A post on X, formerly Twitter, which has been viewed more than seven million times, claimed it would be closing in August.

Google took to the same platform to rebuff the false claim.

A communications expert told the BBC it was “a classic example” of the dangers of misinformation.

“Most people believe what they see online, and there’s a lack of tools and processes to verify the facts,” said Richard Bagnall, boss of communications evaluation firm, CARMA.

“Whilst social networks can act without responsibility and pump unfiltered, unverified information to their audiences, this Gmail incident won’t be the last case we’ll see.”

All social media platforms struggle to stop misinformation, but X has been singled out for particular criticism on the issue, with the EU claiming in 2023 it was worse than its peers in terms of spreading falsehoods.

The company has previously said it is committed to “tackling hate speech” but also wants to “protect free speech”.

The BBC has approached X for comment about this hoax, which appears to be based on a real email sent by Google in 2023. It notified people that Gmail would stop access to its most basic HTML view.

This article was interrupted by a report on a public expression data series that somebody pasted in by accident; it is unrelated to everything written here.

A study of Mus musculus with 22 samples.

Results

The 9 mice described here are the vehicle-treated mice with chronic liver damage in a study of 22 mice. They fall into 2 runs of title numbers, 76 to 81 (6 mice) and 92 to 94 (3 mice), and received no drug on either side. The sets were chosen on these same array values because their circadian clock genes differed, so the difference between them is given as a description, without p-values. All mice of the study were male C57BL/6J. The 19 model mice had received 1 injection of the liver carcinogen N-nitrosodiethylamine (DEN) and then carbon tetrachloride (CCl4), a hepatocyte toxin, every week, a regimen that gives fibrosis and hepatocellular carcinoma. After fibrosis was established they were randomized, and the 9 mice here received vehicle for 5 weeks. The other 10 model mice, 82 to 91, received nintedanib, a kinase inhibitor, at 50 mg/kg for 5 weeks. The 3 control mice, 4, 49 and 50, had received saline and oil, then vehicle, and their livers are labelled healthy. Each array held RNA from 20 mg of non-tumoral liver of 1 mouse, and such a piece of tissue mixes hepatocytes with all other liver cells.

The original HTML view was used when Gmail launched in 2004, and would be unrecognisable to most people who use the service nowadays.

“We are reaching out to share an important update about Gmail,” the viral post reads.

“After years of connecting millions worldwide, enabling seamless communication, and fostering countless connections, the journey of Gmail is coming to a close.”

Gmail is the world’s most popular email service, with more than 1.5bn active users worldwide, according to Statista.

And despite emphatically rejecting the false claims in the hoax message, it is true that Google has shut some services in recent years.

In 2023 alone, Google killed its Stadia gaming service, its Snapchat-like YouTube Stories feature, and it began closing old and inactive Gmail accounts.

It has has announced plans to close Google Podcasts, though this functionality has effectively been supplanted by YouTube Music, which it also owns.